Japan’s Trade Surplus Returns Even As Trade Flows Slow
by Robert Brusca  April 18, 2018

While the IMF has just lifted its outlook for growth in 2018, Japan is logging weaker and weaker export and import growth as the year progresses. Asia generally has been lagging. The PMIs in Europe have weakened but are still showing growth. The German ZEW financial experts have just cut their expectations for growth on a broad group of countries. And guess what? Everyone can’t disagree and still be right! I find the IMF’s decision to hike its forecast in the midst of concerns about a trade war and with various reports showing encroaching weakness an odd choice rather than a convincing argument.

For Japan, the yen has been rising against the dollar and on a broad basis. That goes a long way toward explaining the weak exports - but not the weak imports.

The rising yen seems to be putting downward pressure on Japan’s export prices. Japan’s export prices have been exceptionally weak (in yen terms). Import prices have crept up increasingly slowly. In real terms, both Japanese exports and imports have fallen sharply especially over the last three months and particularly for imports. Such excessive import volume weakness in the face of a rising yen that should be boosting imports remains surprising.

Japan is an odd case to begin with. Its population is shrinking so its demand is fighting an uphill battle. Still, Japan’s GDP has been growing and that should be underpinning imports especially as the yen rises increasing Japan’s purchasing power. But there is a second possibility. Japan is quite sensitive to exchange rate developments and it is possible that the strength in the yen undermines confidence and leads to weakness and stunts imports despite their relative attractiveness.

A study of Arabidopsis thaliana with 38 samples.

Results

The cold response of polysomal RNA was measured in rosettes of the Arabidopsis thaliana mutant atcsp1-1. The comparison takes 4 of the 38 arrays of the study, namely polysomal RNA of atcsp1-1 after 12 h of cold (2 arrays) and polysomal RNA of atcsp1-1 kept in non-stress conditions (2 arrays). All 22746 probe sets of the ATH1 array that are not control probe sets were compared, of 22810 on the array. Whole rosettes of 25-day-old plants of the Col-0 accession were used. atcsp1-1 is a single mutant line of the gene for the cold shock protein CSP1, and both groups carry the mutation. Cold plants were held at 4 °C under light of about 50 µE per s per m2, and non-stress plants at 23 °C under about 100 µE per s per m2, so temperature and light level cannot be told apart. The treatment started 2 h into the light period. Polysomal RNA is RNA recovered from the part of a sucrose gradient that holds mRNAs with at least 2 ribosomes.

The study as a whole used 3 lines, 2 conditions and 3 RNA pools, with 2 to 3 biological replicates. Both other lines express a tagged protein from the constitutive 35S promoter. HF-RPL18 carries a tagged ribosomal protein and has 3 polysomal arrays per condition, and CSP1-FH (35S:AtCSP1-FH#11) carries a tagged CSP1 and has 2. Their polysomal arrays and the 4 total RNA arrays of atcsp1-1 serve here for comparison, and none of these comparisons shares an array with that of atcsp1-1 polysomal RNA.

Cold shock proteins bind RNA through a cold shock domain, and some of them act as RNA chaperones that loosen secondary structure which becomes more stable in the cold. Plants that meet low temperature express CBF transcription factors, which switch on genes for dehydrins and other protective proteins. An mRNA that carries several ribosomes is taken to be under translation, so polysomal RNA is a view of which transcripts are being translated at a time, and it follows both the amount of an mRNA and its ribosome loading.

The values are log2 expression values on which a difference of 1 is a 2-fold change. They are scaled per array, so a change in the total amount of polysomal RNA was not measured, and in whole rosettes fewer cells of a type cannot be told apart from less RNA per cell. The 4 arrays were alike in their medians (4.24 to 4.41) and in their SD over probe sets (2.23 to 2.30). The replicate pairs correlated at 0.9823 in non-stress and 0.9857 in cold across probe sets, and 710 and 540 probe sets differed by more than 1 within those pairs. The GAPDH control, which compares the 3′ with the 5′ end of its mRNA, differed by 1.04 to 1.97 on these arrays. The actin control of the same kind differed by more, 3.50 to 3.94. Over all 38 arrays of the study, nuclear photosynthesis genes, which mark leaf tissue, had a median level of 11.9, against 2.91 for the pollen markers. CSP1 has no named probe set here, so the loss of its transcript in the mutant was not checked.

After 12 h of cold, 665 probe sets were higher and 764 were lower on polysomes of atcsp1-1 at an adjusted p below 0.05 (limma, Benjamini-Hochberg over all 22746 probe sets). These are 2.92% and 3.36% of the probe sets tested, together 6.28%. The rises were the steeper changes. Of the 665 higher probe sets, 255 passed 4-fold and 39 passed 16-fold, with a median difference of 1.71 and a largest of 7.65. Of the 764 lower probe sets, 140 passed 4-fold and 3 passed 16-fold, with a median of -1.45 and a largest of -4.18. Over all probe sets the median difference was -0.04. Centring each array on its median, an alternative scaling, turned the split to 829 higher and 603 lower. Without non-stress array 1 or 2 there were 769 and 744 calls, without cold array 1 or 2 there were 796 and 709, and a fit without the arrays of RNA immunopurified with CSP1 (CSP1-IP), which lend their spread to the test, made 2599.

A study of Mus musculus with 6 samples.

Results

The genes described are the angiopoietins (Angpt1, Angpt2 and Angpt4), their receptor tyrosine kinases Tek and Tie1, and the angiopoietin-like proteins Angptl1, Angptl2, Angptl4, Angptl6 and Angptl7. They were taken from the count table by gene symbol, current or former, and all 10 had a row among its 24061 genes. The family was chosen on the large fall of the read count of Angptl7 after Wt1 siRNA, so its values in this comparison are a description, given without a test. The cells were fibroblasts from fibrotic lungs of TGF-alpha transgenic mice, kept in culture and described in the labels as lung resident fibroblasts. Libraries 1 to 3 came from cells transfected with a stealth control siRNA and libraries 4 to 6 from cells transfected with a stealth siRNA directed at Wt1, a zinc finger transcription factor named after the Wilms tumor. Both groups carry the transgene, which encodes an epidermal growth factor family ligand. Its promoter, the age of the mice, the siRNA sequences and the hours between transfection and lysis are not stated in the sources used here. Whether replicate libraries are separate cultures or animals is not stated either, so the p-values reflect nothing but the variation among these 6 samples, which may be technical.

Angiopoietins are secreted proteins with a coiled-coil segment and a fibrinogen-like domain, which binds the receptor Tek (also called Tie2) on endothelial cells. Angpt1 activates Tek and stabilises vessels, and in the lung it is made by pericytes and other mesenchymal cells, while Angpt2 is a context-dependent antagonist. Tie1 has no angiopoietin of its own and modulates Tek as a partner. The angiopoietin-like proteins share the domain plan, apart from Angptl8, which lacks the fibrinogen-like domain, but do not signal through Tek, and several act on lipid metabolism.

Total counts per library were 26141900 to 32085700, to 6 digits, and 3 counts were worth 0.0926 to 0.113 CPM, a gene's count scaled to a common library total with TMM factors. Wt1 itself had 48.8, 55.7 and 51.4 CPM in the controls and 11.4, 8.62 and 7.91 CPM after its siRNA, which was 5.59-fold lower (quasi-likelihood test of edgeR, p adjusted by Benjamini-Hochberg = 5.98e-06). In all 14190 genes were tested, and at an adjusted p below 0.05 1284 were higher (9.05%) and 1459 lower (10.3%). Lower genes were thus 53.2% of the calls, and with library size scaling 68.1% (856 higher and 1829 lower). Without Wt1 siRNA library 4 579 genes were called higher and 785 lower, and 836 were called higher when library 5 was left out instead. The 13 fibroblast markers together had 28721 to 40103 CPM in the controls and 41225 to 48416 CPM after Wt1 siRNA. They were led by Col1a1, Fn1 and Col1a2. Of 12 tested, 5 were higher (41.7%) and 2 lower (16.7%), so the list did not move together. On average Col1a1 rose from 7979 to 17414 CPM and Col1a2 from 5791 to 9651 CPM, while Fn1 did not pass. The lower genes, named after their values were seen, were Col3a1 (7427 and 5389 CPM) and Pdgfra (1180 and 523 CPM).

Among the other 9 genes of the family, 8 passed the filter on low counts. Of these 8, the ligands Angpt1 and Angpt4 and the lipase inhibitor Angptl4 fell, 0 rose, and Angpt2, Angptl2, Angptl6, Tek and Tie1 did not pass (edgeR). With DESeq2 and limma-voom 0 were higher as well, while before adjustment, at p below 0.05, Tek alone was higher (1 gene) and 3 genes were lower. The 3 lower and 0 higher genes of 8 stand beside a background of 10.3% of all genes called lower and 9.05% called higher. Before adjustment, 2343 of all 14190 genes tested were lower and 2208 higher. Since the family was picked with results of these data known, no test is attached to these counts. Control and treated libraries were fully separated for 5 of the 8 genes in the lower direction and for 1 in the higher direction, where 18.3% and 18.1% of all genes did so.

However, more broadly there are global events that give substance to concerns about growth. I mentioned some of the economic trends at the outset of this article. But there is more than that. The geopolitical scene is particularly difficult especially for parties in Asia or in the Middle East. The U.S. position on trade has put most countries back on their heels. At the same time, the U.S. is pushing for some improvements in NAFTA and the recent surprise is the President making overtures to the possibility of joining up with the TPP after all - albeit with some modifications, of course. Just today the IMF issued a warning on the risk of excessive global debt with some not so subtle jabs at the U.S. and China. Make no mistake about it: these are debt warnings aimed at the largest and most important economies in the global matrix. This is not the IMF waving a red flag at someone unimportant off in the periphery.

There is not a lot of sure footing around these days. Asia has not really recovered. China’s growth is short of its mark and, as always, I am suspicious of what it might ‘really be doing.’ Even debt is less successful in motivating Chinese growth these days. Trade tensions are exacerbated by countries in the West being unwilling to trust the products of Chinese tech companies in telecommunications especially. While there is hope surrounding the upcoming North Korea talks, success is not guaranteed. The Middle East will continue to throw off displaced persons and Europe will continue to battle the problem of unwanted migrants and will create further divisions within Europe. What would happen in Asia if the push toward a new peace fails; if the talks collapse and sanctions remain in place or are tightened? On top of that, Japan’s Prime Minister Abe faces a deepening political problem that now seems likely to result in his leaving office prematurely. And Abe is not the only world leader on thin ice. Theresa May is under constant pressure; Angela Merkel is much less in control than she used to be; France is protesting Macron’s labor market reforms with nationwide strikes; and Italy is looking to form some sort of government. And in the U.S., Donald Trump is Donald Trump. It is not possible to name a major economic/political power whose leader is not facing political challenges at the moment apart from in China, Russia, and North Korea. And that is a chilling admission on where we stand.